Dealing with Allegations of a Hostile Work Environment – How to Minimise your Risk?

LR logo_spot 01We were delighted to partner with Lander & Rogers to facilitate an educational event around the subject of how to deal with allegations of a hostile work environment. The main focus of the discussion centred on:
• managing a hostile workplace culture and environment;
• disciplining employees who may be participating in, or condoning a hostile workplace culture and environment;
• dealing with inappropriate comments, innuendo, language and jokes in the workplace;
• managing complaints of sexual harassment; and
• addressing cultural norms which are not consistent with your organisation’s Code of Conduct or overall values.

The round table event was attended by a number of senior HR professionals and after an interesting legal overview on the subject of Workplace Relations from the Lander & Rogers’ Partners, guests were asked to study a hypothetical scenario of very bad behaviour in a work place, followed by a discussion of how to deal with the situation.  This created lively discussion and debate among attendees, with the legal team then explaining best practice procedures and examples of recent cases.

Attendees were invited to submit their workplace issues to Legal Partner Neil Napper prior to the event; affording guests the opportunity to debate their issue anonymously among the assembled group of peers and legal practitioners to learn best practice methods of dealing with situations.

One of the core issues of the case study was in regard to inappropriate behaviour from a small group of employees engaging in sexual banter and jokes, resulting in certain female employees feeling uncomfortable at work, and ultimately filing a formal complaint.

Delegates debated what steps should be taken to manage these employees to prevent any legal claims arising, and how early on HR should intervene. We discussed that HR leaders should practise prevention before cure, by maintaining regular awareness that the environment and culture is designed and cultivated by the employees themselves.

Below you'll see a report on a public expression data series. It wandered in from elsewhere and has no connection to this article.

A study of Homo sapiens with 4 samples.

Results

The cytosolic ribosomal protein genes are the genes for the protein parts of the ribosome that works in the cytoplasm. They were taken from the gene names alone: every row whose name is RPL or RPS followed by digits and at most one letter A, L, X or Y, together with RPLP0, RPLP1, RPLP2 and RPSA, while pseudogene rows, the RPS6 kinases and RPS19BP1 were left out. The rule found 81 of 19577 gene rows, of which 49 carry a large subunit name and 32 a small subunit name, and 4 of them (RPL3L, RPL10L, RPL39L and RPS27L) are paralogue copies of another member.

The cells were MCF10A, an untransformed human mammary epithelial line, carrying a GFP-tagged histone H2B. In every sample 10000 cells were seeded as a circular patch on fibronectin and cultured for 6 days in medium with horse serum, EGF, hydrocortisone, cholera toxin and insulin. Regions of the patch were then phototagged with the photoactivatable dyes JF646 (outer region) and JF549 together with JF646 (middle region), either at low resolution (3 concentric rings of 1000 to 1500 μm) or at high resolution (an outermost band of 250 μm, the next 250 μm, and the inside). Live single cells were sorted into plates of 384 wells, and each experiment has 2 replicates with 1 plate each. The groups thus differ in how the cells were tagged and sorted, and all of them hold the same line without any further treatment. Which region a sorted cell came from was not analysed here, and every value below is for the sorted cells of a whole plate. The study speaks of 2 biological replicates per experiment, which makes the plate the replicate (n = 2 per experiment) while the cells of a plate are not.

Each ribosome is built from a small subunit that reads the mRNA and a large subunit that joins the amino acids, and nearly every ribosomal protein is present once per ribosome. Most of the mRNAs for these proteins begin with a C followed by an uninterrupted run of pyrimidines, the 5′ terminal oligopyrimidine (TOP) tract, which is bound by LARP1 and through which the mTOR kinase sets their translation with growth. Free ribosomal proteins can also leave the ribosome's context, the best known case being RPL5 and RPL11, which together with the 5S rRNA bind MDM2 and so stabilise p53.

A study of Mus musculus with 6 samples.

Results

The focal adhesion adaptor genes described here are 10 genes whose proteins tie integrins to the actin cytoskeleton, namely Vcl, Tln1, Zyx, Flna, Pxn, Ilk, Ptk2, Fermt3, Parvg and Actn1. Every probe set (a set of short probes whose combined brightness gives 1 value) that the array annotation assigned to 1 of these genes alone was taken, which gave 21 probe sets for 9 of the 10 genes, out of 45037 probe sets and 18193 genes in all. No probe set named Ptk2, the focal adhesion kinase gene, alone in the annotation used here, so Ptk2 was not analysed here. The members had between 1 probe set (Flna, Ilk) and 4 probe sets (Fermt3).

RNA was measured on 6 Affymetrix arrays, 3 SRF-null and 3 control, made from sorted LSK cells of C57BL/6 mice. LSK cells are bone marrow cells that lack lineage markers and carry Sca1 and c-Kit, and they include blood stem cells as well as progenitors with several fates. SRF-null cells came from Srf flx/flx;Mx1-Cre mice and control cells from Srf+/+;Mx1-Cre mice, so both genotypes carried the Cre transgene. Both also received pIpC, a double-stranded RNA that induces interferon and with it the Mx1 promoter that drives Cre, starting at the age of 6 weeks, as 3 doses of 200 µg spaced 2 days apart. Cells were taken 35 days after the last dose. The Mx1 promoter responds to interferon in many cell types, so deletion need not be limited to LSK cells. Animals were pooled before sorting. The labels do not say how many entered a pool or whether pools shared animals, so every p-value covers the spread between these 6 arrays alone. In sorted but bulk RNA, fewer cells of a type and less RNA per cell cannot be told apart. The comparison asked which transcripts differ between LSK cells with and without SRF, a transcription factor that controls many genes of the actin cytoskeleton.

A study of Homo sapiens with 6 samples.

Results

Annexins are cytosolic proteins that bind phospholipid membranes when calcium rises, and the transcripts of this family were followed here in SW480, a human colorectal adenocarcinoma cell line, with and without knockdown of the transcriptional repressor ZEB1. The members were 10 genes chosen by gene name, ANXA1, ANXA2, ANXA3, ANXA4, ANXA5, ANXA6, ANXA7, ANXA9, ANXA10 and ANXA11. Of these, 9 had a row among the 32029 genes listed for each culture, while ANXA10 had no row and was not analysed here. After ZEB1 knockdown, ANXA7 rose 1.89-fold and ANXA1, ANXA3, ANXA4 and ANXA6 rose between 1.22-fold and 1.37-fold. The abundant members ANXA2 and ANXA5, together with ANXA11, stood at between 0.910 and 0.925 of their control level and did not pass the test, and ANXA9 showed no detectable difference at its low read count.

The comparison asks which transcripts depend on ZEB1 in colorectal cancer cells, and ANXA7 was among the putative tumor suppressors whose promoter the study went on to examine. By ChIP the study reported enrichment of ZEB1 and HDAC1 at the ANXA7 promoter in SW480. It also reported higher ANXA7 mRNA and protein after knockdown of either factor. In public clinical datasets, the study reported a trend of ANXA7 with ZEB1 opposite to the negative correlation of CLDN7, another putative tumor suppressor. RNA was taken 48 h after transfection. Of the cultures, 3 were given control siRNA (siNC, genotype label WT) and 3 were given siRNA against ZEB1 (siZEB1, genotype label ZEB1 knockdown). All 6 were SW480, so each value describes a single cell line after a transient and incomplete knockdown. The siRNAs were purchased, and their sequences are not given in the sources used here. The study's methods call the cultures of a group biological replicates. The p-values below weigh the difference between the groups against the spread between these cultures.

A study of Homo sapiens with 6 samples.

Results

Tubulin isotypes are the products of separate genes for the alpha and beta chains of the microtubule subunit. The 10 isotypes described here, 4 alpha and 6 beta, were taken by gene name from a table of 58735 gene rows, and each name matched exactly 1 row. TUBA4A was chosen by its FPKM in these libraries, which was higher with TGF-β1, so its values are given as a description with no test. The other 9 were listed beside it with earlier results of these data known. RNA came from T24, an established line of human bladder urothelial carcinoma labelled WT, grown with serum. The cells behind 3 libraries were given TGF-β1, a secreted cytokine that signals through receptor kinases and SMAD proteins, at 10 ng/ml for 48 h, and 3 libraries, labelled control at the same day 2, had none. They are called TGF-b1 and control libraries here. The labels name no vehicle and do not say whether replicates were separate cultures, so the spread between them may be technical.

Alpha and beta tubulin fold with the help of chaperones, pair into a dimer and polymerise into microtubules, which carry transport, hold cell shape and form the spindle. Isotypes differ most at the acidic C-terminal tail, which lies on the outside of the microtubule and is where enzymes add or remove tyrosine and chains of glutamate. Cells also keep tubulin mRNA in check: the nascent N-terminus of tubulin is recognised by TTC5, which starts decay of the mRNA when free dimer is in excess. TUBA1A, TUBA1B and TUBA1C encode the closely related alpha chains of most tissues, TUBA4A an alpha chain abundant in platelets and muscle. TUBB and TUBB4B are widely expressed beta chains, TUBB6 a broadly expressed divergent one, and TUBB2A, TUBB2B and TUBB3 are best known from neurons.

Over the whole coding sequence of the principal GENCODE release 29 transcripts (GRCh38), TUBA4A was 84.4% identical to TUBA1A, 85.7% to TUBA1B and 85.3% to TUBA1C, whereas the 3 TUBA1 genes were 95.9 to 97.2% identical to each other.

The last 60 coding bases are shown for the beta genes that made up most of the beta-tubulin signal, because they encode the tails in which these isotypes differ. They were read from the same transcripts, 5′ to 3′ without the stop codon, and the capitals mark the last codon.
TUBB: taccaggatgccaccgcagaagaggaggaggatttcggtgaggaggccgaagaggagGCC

In the case study, one of the senior executives – a high performer crucial to the success of the organisation – was also the ring leader or key perpetrator of these behaviours, seemingly setting the example of what was acceptable. Those eager to impress or ‘fit in’ often blindly followed suit.

One of the major themes that all the delegates agreed on was the importance of having a CEO and other executive members lead by example through actively participating in training and compliance events. Further to this, it was brought up that although extreme cases can force HR to adapt policies and even take disciplinary action, the underlying culture is still difficult to overturn, particularly when it is deeply rooted.

In scenarios where this is the case, it may be necessary to take the brave step of shaking up the established status quo and even causing some short-term pain, whether through an overhaul of the executive team or resisting the temptation to be lenient with repeat offenders. Ultimately though, a clean slate can help to set the organisation up for long-term, sustainable success.

We would like to extend our sincere thanks to everyone who took part for sharing their insights, making it such a valuable experience for us all.  Special thanks to the partners at Lander and Rogers for sharing their expertise in such an engaging and relevant way to the assembled HR leaders.